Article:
Not Without A Fight

My younger sister looked awful when I showed up. There were dark bags under her eyes indicating she must have had a rough night at the nursing facility. Furniture was sparse and available space limited in the tiny hospital room. Mom’s bed took up most of one wall leaving little left over for a single chair and a small couch. I could tell from the way a blanket had been crumpled up and cast off to one side that Brandy must have tried to curl herself into a fetal position to sleep on that couch. It looked uncomfortable, made of thin cushions colored a dingy orange with a rigid stark cold steel frame typical of the 1960s. You only see junk like this lingering around in government offices or for sale cheap at a local thrift store these days.

Taking over for my sister on the day shift with Mom, Brandy packed her things into a bag and left. She wouldn’t be back until sometime long after dark. I was to stay with my Mother watching over her doing my best to make sure she was comfortable. Once an hour I was to change a towel laying across her forehead with a fresh one lightly soaked in tepid water before replacing it. The rest of the time there would be little for me to do except sit, and watch.

Her breathing was slow and deep. Mom’s eyes were tightly closed but her jaw hung loose leaving her mouth grotesquely wide open. Each minute that passed by felt like another hour had dragged away slowly. Nursing staff arrived throughout the afternoon to check Mom’s I.V. drip and scribble notes on a clipboard. I began to drift off into a hypnotic state staring at the wall across the room while listening to each breath Mom pulled into her lungs and then rasped back out.

I don’t know how many hours had gone by when Dad suddenly appeared in the room next to me. He successfully startled the shit out of me like it had been a deliberate sneak attack. Neither one of us said anything for a few minutes and the room was filled wall to wall with tension. Dad thought for a moment and then proceeded to tell me that Mom had cursed him out something fierce when he brought her to the nursing home. She was at least coherent enough that night to realize where she was being taken and was real angry about it. Dad said as he was bringing her through the building she cursed him out non-stop using every expletive and swear word she could think of. I suppose he mentioned it because he was hoping for a shred of sympathy from me. I had none for him. As he was telling me what happened I thought to myself, “Good for you, Mom. You went down fighting and you told this slimy bastard to go straight to hell. Good for you.”

After Dad left me alone again with Mom, a priest walked in. He was an older man of medium build and height with close cropped silver hair. From his flat top buzz-cut I assumed he was an ex-military man, probably from the Army or Marines. His candor and movement seemed consistent with my first impression of him that he was a career soldier. The stranger was understanding of our family situation and offered his services to us for anything we needed. He was there to help support us if need be. He was there to talk. I am no longer a religious man, but I did appreciate the fact that this guy was trying to be of some assistance.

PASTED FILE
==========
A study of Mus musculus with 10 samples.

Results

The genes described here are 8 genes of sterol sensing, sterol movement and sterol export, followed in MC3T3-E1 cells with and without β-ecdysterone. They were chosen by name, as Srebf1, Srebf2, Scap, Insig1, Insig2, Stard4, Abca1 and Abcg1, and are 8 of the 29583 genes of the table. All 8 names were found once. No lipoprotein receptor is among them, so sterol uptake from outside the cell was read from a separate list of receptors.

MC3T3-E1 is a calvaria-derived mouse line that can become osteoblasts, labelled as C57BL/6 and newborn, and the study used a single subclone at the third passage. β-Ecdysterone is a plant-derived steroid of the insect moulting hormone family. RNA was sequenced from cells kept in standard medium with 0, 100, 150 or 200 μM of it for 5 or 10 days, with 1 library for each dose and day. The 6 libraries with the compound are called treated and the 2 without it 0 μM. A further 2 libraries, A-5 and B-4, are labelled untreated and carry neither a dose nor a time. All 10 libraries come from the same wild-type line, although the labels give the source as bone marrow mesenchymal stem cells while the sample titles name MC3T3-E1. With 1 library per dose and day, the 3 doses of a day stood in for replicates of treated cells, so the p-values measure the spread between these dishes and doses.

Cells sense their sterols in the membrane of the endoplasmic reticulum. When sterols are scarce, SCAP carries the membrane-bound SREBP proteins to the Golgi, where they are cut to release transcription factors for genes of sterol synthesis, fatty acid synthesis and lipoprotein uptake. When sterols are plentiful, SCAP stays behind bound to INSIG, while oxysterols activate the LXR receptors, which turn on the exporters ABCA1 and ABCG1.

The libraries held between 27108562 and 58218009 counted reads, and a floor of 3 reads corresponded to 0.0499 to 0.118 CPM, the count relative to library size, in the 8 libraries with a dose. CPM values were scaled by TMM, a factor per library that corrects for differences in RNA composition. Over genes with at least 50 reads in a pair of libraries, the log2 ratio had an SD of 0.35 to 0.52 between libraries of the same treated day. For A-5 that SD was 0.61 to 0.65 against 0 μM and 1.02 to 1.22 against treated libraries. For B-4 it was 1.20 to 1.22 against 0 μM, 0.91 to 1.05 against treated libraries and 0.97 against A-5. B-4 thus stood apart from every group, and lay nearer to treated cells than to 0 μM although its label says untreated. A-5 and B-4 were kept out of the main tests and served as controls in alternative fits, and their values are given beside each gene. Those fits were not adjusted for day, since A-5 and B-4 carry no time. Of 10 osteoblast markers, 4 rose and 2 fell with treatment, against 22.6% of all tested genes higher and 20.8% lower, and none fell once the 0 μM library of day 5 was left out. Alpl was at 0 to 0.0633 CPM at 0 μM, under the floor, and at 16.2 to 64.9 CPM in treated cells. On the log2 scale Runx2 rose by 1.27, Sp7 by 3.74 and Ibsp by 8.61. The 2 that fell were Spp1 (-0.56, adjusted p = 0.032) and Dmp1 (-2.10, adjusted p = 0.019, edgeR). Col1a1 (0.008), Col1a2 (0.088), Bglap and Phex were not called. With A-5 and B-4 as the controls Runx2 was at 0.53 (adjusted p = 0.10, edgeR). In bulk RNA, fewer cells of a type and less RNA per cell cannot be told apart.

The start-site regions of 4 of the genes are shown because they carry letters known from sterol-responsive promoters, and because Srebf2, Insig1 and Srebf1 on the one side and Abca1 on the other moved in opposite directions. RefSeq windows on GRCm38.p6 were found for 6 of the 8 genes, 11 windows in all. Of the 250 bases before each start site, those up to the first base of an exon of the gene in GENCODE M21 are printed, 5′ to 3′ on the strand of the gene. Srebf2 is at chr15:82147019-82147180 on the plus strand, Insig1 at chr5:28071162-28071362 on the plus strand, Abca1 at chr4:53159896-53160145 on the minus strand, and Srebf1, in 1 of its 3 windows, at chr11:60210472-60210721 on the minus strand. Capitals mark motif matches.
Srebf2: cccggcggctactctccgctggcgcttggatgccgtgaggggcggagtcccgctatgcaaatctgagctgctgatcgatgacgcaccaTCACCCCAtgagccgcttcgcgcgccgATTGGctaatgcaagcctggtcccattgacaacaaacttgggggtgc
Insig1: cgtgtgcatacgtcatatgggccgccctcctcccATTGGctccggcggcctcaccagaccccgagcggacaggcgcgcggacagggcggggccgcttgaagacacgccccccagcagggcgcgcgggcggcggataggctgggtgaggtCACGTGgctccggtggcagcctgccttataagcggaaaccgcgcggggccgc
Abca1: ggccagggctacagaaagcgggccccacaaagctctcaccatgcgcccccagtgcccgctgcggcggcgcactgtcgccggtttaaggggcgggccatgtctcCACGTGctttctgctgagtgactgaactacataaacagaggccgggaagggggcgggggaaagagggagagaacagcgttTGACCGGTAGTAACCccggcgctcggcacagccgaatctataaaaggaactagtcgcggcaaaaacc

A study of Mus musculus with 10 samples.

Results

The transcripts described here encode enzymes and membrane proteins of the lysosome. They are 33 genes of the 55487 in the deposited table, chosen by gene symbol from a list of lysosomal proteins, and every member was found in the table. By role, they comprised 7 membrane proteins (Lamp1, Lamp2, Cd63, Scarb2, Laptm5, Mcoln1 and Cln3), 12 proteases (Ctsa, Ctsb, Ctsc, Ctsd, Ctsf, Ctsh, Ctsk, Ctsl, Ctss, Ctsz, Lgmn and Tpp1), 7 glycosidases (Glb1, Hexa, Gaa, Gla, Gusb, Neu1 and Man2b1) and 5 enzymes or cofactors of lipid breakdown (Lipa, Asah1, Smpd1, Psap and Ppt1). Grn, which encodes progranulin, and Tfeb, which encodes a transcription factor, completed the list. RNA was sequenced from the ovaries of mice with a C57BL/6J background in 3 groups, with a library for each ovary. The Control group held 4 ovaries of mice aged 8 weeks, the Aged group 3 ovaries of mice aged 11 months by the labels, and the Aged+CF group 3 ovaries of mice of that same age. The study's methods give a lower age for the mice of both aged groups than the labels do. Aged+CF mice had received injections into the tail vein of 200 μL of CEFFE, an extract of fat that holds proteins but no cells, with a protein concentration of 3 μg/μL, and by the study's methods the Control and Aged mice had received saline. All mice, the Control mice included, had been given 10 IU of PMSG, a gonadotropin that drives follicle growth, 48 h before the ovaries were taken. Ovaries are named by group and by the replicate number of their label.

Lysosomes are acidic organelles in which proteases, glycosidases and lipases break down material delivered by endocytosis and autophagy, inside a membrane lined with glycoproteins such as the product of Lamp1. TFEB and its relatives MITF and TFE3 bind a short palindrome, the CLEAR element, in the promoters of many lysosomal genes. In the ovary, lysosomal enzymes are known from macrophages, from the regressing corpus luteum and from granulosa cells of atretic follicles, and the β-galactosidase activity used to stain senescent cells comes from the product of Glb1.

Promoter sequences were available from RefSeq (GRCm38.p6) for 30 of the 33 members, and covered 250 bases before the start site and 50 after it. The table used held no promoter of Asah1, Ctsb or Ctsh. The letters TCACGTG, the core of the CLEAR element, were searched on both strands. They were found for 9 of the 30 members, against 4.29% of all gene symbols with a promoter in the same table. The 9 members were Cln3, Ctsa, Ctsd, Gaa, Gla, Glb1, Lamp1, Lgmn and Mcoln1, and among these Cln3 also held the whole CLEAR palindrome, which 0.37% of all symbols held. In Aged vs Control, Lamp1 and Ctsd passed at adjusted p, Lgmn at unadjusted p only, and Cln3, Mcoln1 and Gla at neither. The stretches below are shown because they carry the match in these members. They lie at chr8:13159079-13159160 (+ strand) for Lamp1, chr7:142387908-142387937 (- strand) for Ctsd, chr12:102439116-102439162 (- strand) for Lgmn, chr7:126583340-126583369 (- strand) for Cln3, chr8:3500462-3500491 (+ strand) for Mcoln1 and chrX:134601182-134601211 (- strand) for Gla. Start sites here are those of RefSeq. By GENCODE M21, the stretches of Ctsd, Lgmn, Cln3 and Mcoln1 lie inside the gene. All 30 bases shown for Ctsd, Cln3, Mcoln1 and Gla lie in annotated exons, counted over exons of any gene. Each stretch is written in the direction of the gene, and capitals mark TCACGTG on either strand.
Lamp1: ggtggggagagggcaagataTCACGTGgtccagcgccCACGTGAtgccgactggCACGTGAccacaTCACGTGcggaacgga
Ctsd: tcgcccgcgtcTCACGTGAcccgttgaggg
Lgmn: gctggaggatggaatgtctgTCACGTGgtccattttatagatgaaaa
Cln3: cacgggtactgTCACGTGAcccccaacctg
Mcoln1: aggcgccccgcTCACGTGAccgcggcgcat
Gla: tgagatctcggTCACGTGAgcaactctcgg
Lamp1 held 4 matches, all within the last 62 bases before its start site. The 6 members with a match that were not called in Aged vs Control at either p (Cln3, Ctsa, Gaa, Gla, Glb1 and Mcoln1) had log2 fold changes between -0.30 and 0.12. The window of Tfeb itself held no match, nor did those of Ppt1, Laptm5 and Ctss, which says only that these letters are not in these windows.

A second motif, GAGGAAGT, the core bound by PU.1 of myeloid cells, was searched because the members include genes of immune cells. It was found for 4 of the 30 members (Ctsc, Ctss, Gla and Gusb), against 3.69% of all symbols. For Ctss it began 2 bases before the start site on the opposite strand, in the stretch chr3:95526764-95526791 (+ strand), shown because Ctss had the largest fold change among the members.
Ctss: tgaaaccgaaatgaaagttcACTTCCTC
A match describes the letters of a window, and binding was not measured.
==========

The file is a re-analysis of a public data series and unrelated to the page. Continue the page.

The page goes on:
We shook hands before he left and he told me there was something I had to do. The pastor said I had to say goodbye to my Mother. I had to speak to her and say that she was a good Mom, and that it was okay for her to let go. She could leave us when she wanted to. The silver haired pastor was adamant about his instructions, like it was a commandment from almighty God himself. I had to say these words to my Mother and soon. This man went on to explain that even though Mom is in a coma, she could still hear me and understand what I was saying. As he spoke I started to lose control of my emotions which made me feel ashamed of myself. I couldn’t allow myself to burst out crying in front of a total stranger. I tried to force those feelings of sadness down just long enough to hold my composure, just long enough to wait this guy out until he left the room.

I didn’t want to say those things to Mom. I didn’t want to have to say goodbye to her or tell Mom to let go and die. Besides I don’t believe in that kind of crap, that someone in a deep coma can hear people talking to them and understand it. I’m entirely skeptical. I convinced myself that Mom would never know I was there with her. For the most part, she was already long gone.


2 Responses to “Not Without A Fight”

  1. I remember sitting with my grandfather as he lay dying. His bedroom was dimly lit, and his eyes jittered back and forth in their sockets without focussing on anything. I tried to tell him everything was all right, but it was probably more for my own benefit. Just like when I said goodbye as I upended the plastic bag that held his ashes into the bay he used to sail on, I don’t imagine he heard me, but I remember saying it like it was yesterday. It helps me, I think, to go on with my life. Sort of a closure thing.

  2. wad- i think the underlying concept behind talking to the dying even when they can’t hear you is mainly to help those who will go on living. people i have talked to who didn’t have the opportunity to say a final goodbye to a loved one experience feelings of guilt for the rest of their lives. for me, it seemed very hollow. saying goodbye to Mom didn’t make me feel any better and i seriously doubt she heard my voice or even knew i was there with her.